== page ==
HC Deb 11 June 1976 vol 912 cc1969-72
Mr. Powell

I beg to move Amendment No. 52, in page 17, line 18, leave out from'23' to first 'an' in line 19, and insert 'while'.

Mr. Deputy Speaker (Sir Myer Galpern)

With this we shall take Government Amendment No. 87. We shall also take the following amendments:

No. 53, in page 17, line 20, leave out 'may be brought'.

No. 54, in page 17, line 20, at end insert 'in respect of that Act are pending'.

Mr. Powell

The purpose of the amendment is to prevent the concurrence in time of jurisdiction, if I may slightly misuse the expression, between the agency and any other resource, but not to eliminate it altogether. It is clearly undesirable that both the agency and some other instance of appeal should be seized of the same action at the same time. But it does not follow from that that an action which has been considered by an instance of appeal from one point of view should therefore be outside the purview of the agency in the context of its function.

Our three amendments seek to eliminate concurrence in time while preserving the two alternative jurisdictions where there is scope for two aspects, both of which may be the subject of appeal.

Mr. Moyle

I understand the purpose of this amendment and I have put down Amendment No. 87 with a view to partially meeting the objective of the right hon. Member for Down, South (Mr. Powell).

The problem can be illustrated by two examples. I accept what the right hon. Gentleman says about the purpose of the Bill being that if there is a remedy available under some other machinery, the Fair Employment Agency does not consider the case. The right hon. Gentleman would like the other machinery to consider the problem first, with the agency being able to intervene at a subsequent stage after the exhaustion of the first machinery.

However, that would lead to problems in certain cases, including removal from the register or roll of nurses or from the roll of midwives. If a professional body moves to do that, an aggrieved individual may appeal to the High Court.

I do not say it would be inappropriate but it would certainly be a matter for deep constitutional consideration and philosophical contemplation to propose that there should be an appeal from the High Court to the agency and that the agency, which is an administrative body and, at the most, quasi-judicial, should have a right to review decisions of the High Court. To British constitutional man, the highest form of judicial consideration is a court of law and it would not be wise for the agency to be able to review decisions of a court of law.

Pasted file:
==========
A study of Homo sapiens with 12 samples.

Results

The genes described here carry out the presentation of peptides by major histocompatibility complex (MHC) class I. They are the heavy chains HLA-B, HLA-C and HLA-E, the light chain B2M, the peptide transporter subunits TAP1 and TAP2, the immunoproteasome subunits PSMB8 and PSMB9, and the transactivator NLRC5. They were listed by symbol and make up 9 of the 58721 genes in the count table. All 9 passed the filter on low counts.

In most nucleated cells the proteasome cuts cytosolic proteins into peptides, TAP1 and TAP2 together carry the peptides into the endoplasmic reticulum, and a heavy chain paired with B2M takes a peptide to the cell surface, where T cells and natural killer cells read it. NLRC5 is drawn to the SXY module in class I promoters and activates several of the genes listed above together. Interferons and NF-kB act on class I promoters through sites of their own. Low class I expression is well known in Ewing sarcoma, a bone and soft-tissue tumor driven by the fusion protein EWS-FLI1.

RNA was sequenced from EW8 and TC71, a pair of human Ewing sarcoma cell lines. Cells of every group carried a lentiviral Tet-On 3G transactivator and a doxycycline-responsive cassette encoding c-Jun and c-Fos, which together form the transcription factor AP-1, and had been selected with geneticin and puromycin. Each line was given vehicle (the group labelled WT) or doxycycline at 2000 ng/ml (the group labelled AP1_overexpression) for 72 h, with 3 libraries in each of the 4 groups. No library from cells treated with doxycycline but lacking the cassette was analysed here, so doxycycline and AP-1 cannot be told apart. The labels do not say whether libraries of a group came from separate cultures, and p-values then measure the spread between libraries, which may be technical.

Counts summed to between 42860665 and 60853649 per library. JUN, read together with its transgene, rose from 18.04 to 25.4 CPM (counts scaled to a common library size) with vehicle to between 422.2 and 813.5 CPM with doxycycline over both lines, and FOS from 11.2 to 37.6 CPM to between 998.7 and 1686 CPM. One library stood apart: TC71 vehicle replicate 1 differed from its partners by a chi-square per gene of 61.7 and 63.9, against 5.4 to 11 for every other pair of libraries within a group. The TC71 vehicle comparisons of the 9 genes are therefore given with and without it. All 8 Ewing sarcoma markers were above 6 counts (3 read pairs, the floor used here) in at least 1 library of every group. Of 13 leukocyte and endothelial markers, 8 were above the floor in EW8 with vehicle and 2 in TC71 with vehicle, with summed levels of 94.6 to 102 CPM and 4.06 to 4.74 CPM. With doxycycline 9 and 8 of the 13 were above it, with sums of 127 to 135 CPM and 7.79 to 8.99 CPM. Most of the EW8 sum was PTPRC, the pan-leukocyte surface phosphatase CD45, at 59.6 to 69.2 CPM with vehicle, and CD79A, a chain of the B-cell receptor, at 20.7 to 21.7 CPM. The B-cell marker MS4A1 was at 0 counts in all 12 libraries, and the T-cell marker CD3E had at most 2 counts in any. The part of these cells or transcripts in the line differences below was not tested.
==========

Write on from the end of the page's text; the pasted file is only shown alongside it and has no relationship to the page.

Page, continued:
Another example is the case of a man who felt aggrieved at the refusal of a licence to hatch and rear poultry. He may appeal to a panel of three lawyers under the Poultry Improvement (Northern Ireland) Act 1968 and may think that the panel, which is a quasi-judicial body appointed by the Department of Agriculture, had rejected his appeal on sectarian or religious grounds, leaving him with a sense of grievance. There might be a good argument for a reference from that body to the agency and the purpose of my amendment is to meet this sort of case.

If the right hon. Member for Down, South and his hon. Friends withdraw their amendments and accept mine, where an appeal against removal from a roll by professional bodies lies to a court of law, that court will be the end of the matter. Where it lies to a quasi-judicial body, the agency will be able to consider the case.

Mr. Powell

I am grateful to the Minister of State for the careful attention he has evidently given to the problem ventilated in Committee and for the ingenuity of his proposed solution. The Minister's amendment is starred and when I first saw it this morning, I failed to recognise that it was even a partial solution. However, I recognise that there is a real logic in the hon. Gentleman's amendment and the arguments he puts for it.

I take one of his examples—the case of a nurse struck off the roll—to think it through. The nurse might be struck off the roll purportedly for incompetence or for some other professional deficiency. If he or she took the view that the striking off the roll was discriminatory, the indications that it was discriminatory could be brought out by the aggrieved person before a court. Therefore, the discriminatory aspect could be covered by the alternative instance of appeal where, as in that case, it is the High Court.

On the other hand, the Minister said that the amendment would eliminate the possibility of a decision which falls to be taken on grounds which have nothing to do with religious discrimination, such as whether premises are suitable for rearing chickens, which for all I know might oust an appeal to the board on the ground that it was merely a cloak for discrimination and was a twisted judgment. I believe that we have probably got as near as we are likely to get to the right answer in this respect, and I beg to ask leave to withdraw the amendment.

Amendment, by leave, withdrawn.

Amendment made: No. 87, in page 17, line 20, after 'brought', insert 'to a court'.—[Mr. Concannon.]